Critical Care Nutrition


Critical Patient:
If an unwell or critical patient has only eaten a small amount of food or hasn’t eaten anything over the course of 48h – 72h, a nutritional assessment is necessary to determine which support approach is preferable. Prolonged anorexia or hyporexia can cause digestive tract dysfunctions, organ dysfunction and compromised general immunity.  At this stage enterocytes, cells that lining the small intestine, die quickly without nutrition. This causes a breakdown of the intestinal barrier and it can lead to bacterial infection in other sites of the body.


The Diet:
Critical care diets, with their high-fat, high-protein, easy digestibility, antioxidant-enriched nutrient profile, can help target undesired metabolic changes, providing fat to supply energy and protein to support the body’s recovery.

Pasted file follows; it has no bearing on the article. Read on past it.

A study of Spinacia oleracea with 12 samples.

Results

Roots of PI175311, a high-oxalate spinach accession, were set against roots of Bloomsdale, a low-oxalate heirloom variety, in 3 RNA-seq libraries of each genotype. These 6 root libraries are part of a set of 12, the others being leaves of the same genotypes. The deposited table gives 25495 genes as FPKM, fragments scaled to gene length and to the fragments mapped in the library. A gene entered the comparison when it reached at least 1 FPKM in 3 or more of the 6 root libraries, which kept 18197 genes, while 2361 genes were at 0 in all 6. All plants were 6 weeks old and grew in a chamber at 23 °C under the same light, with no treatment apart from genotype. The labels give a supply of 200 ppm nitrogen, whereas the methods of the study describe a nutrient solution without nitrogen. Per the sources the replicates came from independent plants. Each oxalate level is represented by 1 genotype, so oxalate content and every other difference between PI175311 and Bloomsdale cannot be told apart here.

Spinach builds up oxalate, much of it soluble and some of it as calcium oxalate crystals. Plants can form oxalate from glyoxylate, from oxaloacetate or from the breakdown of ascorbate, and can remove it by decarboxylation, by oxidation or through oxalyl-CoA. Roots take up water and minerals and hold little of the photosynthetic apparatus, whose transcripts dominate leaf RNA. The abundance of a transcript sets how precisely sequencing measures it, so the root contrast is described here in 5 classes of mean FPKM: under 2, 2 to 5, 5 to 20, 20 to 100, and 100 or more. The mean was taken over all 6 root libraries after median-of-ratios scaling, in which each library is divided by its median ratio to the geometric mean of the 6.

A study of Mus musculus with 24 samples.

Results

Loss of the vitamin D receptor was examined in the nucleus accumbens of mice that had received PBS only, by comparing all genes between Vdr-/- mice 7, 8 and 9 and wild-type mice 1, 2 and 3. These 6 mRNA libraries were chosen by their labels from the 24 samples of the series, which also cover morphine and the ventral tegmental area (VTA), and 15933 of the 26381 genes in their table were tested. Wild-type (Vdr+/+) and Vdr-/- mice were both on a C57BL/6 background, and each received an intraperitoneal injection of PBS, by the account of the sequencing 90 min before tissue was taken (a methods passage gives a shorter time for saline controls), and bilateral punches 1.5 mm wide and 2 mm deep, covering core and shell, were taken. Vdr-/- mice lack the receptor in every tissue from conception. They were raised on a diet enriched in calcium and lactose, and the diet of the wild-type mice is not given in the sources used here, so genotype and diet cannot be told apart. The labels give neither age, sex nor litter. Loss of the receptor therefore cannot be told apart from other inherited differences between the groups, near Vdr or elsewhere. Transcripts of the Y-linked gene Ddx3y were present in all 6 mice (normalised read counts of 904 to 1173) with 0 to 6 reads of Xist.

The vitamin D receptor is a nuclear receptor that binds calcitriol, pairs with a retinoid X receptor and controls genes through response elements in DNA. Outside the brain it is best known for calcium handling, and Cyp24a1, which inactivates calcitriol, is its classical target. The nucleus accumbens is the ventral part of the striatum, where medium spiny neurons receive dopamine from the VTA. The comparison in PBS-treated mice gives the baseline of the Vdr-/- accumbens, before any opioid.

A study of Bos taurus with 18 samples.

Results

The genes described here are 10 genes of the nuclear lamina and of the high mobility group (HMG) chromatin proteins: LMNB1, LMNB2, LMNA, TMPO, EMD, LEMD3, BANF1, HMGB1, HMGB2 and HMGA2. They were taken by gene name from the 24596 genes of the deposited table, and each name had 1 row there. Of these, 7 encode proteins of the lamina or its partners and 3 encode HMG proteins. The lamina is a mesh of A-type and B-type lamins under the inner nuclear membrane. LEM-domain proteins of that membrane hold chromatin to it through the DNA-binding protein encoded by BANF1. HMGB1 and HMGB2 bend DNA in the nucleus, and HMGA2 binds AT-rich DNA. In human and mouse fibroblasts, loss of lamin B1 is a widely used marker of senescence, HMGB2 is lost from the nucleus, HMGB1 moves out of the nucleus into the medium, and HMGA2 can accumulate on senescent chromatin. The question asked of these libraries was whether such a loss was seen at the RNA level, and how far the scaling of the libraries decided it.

Anorectic, critically ill, recovering, or malnourished patients require a concentrated energy source and a nutrient profile that supports recovery.

It is very important that a nutritional care approach to the critical patient starts as early as possible, this action would help to bring an early recovery and a best response to any other treatment.


Clinical Situations:
On few clinical situations as Pancreatitis and some virus infections like Parvovirus, prolonged fasting are correlated to high mortality, when compared with early start of parenteral nutrition.

Enteritis caused by Parvovirus can bring the animal to a debilitate and critical stage very quickly and an early auction is important to increase the chances of response to the treatment. In 2003, Mohr at al, showed that a rapid return of appetite, a quickly weight gain and a better intestinal wall integrity in puppies who was supported with an early enteral nutrition by naso-oesophageal tube when compared with those who were fed low-fat tinned food.